AL GREEN: AL GREEN EXPLORES YOUR MIND (1974)
Explores Your Mind? More like Explores Your Body! Keeping up with the times, Al and producer Willie Mitchell steer the ship in a more shallow direction, ending up with the first Al Green album in a long time that might be more suitable for club audiences than late night make-outs. The tempos are driven up, the strings swoop in precise funky grooves, Al introduces more catchy vocal choruses, and much of this borders on proto-disco.
Is it bad? Who knows? After all, it is quite slippery to try and accuse Al Green of "selling out"; his creed, from the very start to the very end, has always been Spirituality, Sentimentality, and Commerciality (or, if one wants to use a less derogatory term, Accessibility). So, Al Green Explores Your Mind may abuse the latter part, but it does so without sacrificing either Spirituality or Sentimentality — and, if anything, he is now even closer to merging the two, e. g. on 'God Blessed Our Love', the slowest and most gospel-oriented song on the album. Nothing can be more exciting than bringing together God and the lady you love, right?
But, of course, it can be relatively unsettling to learn that the big hit, this time around, bears the title of 'Sha-La-La'. It's not the Manfred Mann level of (anti-)intelligence, of course, yet there is decidedly less subtlety to this little album-opening hymn than to 'Call Me' or even 'Let's Get Married', and you can feel that decidedly less work went into it, as well. So history was right to decide that the true song number one on the album is Al's original version of 'Take Me To The River', not fully appreciated by either black or white audiences until its popularization by Talking Heads several years later.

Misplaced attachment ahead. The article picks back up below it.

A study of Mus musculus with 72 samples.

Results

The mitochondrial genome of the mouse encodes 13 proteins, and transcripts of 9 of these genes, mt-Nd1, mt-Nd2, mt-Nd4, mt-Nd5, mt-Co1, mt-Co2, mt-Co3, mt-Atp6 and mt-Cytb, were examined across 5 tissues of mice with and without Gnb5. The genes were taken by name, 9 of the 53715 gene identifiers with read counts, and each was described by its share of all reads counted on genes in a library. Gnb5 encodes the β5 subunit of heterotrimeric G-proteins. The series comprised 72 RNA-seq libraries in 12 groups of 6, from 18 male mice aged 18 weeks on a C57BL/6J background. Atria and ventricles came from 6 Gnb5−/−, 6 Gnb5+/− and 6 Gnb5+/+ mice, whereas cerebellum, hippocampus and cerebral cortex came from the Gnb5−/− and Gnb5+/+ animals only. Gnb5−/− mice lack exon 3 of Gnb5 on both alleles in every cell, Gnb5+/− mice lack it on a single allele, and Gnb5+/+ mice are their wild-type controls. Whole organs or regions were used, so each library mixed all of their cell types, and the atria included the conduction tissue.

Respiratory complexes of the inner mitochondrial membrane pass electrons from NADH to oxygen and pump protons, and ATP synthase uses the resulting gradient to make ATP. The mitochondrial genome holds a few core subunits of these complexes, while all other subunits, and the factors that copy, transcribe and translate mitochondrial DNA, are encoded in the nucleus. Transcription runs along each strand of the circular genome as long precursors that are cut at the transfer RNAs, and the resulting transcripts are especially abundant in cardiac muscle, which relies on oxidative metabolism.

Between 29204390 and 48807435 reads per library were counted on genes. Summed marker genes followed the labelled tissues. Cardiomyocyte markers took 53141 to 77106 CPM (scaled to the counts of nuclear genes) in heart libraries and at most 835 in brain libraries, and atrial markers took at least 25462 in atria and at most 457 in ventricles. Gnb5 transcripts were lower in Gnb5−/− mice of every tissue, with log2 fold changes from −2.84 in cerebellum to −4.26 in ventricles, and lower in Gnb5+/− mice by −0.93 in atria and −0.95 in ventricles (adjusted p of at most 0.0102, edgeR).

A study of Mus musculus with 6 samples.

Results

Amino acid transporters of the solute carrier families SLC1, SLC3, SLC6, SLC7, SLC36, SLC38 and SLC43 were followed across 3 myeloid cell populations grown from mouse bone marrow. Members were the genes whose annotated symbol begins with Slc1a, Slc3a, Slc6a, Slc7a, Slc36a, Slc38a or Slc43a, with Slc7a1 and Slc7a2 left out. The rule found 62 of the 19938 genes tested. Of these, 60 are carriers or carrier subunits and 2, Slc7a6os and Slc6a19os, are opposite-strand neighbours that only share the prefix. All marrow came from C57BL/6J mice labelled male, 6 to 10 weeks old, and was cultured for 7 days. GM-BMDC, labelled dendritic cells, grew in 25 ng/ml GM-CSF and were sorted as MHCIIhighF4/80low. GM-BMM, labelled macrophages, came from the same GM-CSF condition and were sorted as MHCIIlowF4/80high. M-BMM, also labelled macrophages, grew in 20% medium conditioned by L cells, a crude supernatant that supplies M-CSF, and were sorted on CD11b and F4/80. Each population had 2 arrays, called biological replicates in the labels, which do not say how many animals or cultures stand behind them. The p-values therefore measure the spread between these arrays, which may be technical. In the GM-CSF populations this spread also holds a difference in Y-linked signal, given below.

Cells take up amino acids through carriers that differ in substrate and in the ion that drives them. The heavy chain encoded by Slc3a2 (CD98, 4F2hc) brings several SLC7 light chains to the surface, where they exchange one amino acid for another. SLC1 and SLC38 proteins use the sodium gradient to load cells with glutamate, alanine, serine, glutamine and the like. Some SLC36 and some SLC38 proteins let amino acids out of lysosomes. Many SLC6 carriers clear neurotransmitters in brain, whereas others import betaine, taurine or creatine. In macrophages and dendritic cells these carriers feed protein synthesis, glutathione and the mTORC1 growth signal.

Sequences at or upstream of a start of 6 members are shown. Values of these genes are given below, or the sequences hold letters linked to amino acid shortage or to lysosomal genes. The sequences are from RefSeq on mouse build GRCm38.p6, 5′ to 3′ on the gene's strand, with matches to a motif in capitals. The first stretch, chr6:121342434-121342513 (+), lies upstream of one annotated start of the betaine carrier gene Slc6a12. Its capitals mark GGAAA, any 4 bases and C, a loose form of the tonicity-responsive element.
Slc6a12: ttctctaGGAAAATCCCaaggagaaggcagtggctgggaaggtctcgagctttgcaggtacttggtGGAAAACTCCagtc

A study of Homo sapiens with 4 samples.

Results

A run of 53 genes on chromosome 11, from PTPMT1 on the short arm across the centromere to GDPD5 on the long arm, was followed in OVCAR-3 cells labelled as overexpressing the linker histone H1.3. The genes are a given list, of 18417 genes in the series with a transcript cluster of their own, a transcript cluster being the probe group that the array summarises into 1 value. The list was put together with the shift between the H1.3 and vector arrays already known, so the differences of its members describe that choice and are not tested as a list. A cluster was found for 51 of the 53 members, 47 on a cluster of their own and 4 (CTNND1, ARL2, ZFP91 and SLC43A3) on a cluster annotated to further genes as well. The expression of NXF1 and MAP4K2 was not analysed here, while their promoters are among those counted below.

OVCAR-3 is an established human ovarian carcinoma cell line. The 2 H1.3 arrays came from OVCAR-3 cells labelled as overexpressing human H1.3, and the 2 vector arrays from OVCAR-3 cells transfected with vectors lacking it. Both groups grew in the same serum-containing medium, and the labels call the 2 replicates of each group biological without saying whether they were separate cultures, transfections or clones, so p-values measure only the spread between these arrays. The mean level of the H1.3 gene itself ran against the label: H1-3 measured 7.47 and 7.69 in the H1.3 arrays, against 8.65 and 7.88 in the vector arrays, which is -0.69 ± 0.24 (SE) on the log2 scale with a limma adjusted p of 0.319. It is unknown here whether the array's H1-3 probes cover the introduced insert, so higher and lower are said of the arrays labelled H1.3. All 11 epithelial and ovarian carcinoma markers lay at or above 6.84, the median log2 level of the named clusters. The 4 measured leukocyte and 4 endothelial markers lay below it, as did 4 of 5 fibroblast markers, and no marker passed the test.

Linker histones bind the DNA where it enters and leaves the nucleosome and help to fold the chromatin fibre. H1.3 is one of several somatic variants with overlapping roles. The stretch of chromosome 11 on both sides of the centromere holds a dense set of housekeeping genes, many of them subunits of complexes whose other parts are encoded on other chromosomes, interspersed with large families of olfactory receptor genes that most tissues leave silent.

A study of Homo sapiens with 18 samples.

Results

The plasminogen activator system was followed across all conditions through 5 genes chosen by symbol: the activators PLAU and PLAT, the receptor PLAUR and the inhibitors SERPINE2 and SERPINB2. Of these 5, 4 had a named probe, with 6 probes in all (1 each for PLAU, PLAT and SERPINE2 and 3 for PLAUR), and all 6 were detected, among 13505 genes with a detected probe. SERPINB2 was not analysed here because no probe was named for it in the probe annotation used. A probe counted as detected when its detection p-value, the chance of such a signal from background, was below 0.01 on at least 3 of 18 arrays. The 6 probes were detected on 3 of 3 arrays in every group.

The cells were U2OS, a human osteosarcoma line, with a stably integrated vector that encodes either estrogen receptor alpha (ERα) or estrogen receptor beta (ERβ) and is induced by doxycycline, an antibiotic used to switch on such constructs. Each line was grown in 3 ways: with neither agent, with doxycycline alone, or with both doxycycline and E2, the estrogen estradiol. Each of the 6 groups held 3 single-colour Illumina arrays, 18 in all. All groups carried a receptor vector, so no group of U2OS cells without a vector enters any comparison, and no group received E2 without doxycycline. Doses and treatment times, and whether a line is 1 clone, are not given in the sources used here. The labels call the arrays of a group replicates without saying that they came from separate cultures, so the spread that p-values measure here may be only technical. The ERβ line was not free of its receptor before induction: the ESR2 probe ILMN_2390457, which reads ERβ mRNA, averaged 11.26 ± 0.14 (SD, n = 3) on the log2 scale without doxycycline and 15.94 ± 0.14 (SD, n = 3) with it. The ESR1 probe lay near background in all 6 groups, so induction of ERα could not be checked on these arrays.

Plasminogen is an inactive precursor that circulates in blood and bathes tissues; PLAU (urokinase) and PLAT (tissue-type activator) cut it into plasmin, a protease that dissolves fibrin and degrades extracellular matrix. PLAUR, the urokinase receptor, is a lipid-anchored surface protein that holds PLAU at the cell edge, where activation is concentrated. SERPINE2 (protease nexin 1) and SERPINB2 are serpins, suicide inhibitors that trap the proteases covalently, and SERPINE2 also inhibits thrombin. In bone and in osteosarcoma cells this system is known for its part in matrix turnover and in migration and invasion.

With the Heads, it was put by David Byrne through his well-oiled paranoia machine, but also lost the lyrical relevance — David Byrne isn't well-known for being (and could have never even tried on the guise of) a tortured lover, whereas for Al it's the primary occupation, and his use of a Christian metaphor — 'take me to the river, wash me down' — to reflect the yearning for getting rid of a love he doesn't feel right about is right on target. Once again, here's this idea of a supernatural fear outbalancing temptation, and it is perhaps no accident that 'God Blessed Our Love' is the very next track: in order to overcome this fear, Al has to make sure that this is not a demonic temptation, but rather a holy feeling validated by his superior. It's only natural, though, that 'Take Me To The River' is the masterpiece, and 'God Blessed Our Love' the trifling footnote.
None of the other songs have an intrigue as deep-cutting as 'Take Me To The River', but both the ballads and the dance grooves are uniformly tasteful, and one has to seriously, seriously commend the strings and horns arrangements: for instance, the first fifteen seconds of 'One Night Stand', with the two waves of these sounds meeting each other, are quite a glorious fifteen seconds, and the clever use of the harp on 'Hangin' On' is a refreshing novelty. So let it be well understood that, even though the emphasis is on Entertainment, this is still first-class Entertainment and still one of the best soul/R'n'B albums of the year. And even though it begins with the feather-light 'Sha-La-La', it still ends with the pensive, introspective finale of 'School Days' — Al sweetly and gracefully reminiscing about his early days of romance. Or maybe reminiscing about your early days of romance? After all, it's Al Green Explores Your Mind, not His Mind. But a big thumbs up from the heart regardless of the answer, and a slightly lesser one from the mind, which still cannot completely shake off the not so pleasant feeling of being "explored" with the likes of 'Sha-La-La'.